Margaret Bush Wilson, prominent 20th Century Civil Rights leader, was born January 30, 1919 in St. Louis, Missouri to James and Margaret Bush; her father was a real estate agent and her mother a teacher. Her passion for the Civil Rights movement was instilled early; both of her parents were involved with the St. Louis branch of the National Association for the Advancement of Colored People (NAACP). After graduating from Sumner High School in St. Louis in 1935, Bush received a scholarship to attend predominantly black Talladega College in Alabama but unexpectedly lost her scholarship after being re-interviewed by an official. Incensed by this injustice, George Brantley, her principal, called on the faculty to raise funds to replace the scholarship. (This act of good faith helped to influence her charitable work later in life.) She graduated from Talladega in 1939 with a degree in economics.
Margaret Bush returned to St. Louis and soon became linked to major civil rights efforts. She became the second woman to attend the law school at Lincoln University. This school was created after the Supreme Court case Gaines v. Canada (1938), which ruled that the state of Missouri must provide an equal law school after denying a black student admittance into the University of Missouri Law School. After passing her bar exam, Bush became the second black woman to become a practicing attorney in the state of Missouri and in 1946 established a law firm with Robert Wilson, whom she married in 1944. Her first influential role came in 1948 with the nationally prominent Shelley v. Kraemer case in 1948. Wilson’s father aided the Shelleys, an African American family, in purchasing a home in 1946 from which they were later removed because of racially restrictive covenants. Wilson chaired the Black Real Estate Brokers Association in St. Louis as a real estate lawyer. The Association along with the local and national NAACP initiated the lawsuit and won the case with a 1948 U.S. Supreme Court ruling which declared the covenants legally unenforceable.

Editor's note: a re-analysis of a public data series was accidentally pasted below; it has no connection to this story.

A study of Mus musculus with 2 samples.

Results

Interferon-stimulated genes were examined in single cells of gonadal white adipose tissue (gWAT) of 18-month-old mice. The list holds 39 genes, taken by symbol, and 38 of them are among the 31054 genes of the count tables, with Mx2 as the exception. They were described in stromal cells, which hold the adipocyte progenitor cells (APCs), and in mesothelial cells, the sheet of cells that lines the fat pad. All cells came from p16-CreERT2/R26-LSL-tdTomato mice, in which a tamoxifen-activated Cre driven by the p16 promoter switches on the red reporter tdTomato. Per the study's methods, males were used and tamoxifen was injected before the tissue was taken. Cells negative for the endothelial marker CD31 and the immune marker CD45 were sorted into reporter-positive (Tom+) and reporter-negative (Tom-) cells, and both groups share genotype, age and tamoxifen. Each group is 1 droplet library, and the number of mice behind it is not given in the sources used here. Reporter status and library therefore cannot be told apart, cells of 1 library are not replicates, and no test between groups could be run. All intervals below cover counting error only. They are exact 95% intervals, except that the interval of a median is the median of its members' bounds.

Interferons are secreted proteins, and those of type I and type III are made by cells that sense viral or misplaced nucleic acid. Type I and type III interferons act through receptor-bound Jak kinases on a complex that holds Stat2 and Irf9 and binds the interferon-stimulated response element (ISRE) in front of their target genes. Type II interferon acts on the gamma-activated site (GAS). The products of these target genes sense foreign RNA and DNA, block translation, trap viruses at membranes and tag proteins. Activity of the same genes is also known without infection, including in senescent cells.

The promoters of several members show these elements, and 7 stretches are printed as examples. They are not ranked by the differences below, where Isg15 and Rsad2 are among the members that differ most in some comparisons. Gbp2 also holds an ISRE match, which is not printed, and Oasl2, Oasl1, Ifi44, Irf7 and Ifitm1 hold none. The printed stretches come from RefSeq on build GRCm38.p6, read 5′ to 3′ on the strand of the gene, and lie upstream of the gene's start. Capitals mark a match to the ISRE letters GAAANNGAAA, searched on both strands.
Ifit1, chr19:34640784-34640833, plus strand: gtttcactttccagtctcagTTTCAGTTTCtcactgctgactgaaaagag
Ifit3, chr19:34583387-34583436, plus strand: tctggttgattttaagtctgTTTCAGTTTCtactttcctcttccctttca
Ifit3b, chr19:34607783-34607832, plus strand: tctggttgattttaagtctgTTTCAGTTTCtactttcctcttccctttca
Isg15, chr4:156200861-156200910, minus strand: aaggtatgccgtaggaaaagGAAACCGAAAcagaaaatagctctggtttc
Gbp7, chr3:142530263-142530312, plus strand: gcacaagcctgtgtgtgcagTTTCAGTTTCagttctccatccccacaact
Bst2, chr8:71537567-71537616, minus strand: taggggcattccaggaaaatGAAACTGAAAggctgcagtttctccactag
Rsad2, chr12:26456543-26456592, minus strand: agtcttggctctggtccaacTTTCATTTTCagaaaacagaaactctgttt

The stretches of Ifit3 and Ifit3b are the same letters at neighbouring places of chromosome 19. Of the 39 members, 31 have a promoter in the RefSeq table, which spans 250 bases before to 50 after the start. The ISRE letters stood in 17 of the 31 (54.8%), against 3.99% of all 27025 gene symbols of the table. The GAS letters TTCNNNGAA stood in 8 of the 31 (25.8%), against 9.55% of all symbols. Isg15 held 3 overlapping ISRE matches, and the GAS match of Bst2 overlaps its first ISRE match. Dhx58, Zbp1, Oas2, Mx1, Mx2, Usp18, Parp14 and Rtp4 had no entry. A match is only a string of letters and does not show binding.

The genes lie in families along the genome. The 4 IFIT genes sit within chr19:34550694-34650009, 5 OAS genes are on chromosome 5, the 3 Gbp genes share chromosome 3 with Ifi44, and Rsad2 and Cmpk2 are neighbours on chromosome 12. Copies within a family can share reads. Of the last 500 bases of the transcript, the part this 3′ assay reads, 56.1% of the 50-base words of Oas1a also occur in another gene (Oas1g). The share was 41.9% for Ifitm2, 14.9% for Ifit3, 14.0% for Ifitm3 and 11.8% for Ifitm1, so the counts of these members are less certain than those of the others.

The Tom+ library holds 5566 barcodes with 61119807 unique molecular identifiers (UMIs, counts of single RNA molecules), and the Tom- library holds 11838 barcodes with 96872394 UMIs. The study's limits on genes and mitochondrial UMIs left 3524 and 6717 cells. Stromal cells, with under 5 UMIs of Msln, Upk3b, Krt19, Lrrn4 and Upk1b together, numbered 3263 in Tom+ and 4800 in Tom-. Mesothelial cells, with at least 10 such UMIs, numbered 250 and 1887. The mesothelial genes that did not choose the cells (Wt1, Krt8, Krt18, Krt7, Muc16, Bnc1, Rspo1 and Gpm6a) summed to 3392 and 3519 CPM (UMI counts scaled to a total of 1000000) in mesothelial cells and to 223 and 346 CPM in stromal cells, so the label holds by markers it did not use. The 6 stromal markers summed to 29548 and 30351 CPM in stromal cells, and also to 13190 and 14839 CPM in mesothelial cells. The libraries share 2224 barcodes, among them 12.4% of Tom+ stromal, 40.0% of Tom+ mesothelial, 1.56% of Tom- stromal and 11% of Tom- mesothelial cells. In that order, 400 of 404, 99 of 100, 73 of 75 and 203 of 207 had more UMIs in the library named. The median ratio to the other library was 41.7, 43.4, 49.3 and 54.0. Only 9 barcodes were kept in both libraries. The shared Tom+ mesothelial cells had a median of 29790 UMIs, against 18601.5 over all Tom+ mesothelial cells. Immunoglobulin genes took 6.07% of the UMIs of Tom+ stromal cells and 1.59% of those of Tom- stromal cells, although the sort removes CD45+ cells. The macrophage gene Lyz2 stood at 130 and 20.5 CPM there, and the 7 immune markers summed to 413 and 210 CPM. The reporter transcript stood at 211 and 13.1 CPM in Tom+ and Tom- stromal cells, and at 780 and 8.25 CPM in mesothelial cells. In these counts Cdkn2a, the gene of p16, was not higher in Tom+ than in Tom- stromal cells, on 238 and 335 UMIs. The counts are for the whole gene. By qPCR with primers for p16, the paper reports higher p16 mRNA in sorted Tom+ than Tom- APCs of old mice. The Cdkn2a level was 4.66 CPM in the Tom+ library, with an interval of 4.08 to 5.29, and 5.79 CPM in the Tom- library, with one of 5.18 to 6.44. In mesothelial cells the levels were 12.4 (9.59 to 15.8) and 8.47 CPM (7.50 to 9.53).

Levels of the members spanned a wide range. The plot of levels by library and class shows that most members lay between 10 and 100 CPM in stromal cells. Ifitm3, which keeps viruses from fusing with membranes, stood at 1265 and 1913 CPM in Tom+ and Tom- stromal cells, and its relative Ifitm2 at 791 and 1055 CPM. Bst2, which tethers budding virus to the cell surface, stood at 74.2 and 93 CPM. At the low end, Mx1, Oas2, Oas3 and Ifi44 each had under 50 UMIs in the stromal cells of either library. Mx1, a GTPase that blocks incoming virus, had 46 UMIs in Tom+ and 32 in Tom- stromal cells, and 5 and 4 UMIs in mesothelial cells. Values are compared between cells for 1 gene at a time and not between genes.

In 1962, Margaret Bush Wilson, now an NAACP activist, became President of the Missouri conference of Association branches. Throughout this time she was successful in promoting integration and equal employment opportunities in Missouri and the Midwest. In 1975 she became the first woman to serve as Chair of the national board of the NAACP. Her well-publicized conflict with Rev. Benjamin Hooks, the NAACP’s Executive Director, led to her suspending Hooks in 1983 after he failed to cooperate with an audit of the organization. Soon after that incident, Wilson lost her bid to be re-elected chair of the NAACP and left the organization at the end of 1983.
Margaret Bush Wilson continued serving the civil rights movement with her role as chairman for various colleges, including Talladega and corporations such as the Mutual Insurance Company of New York. Wilson passed away at 90 years of age on August 11, 2009 in her father’s home in St. Louis, Missouri.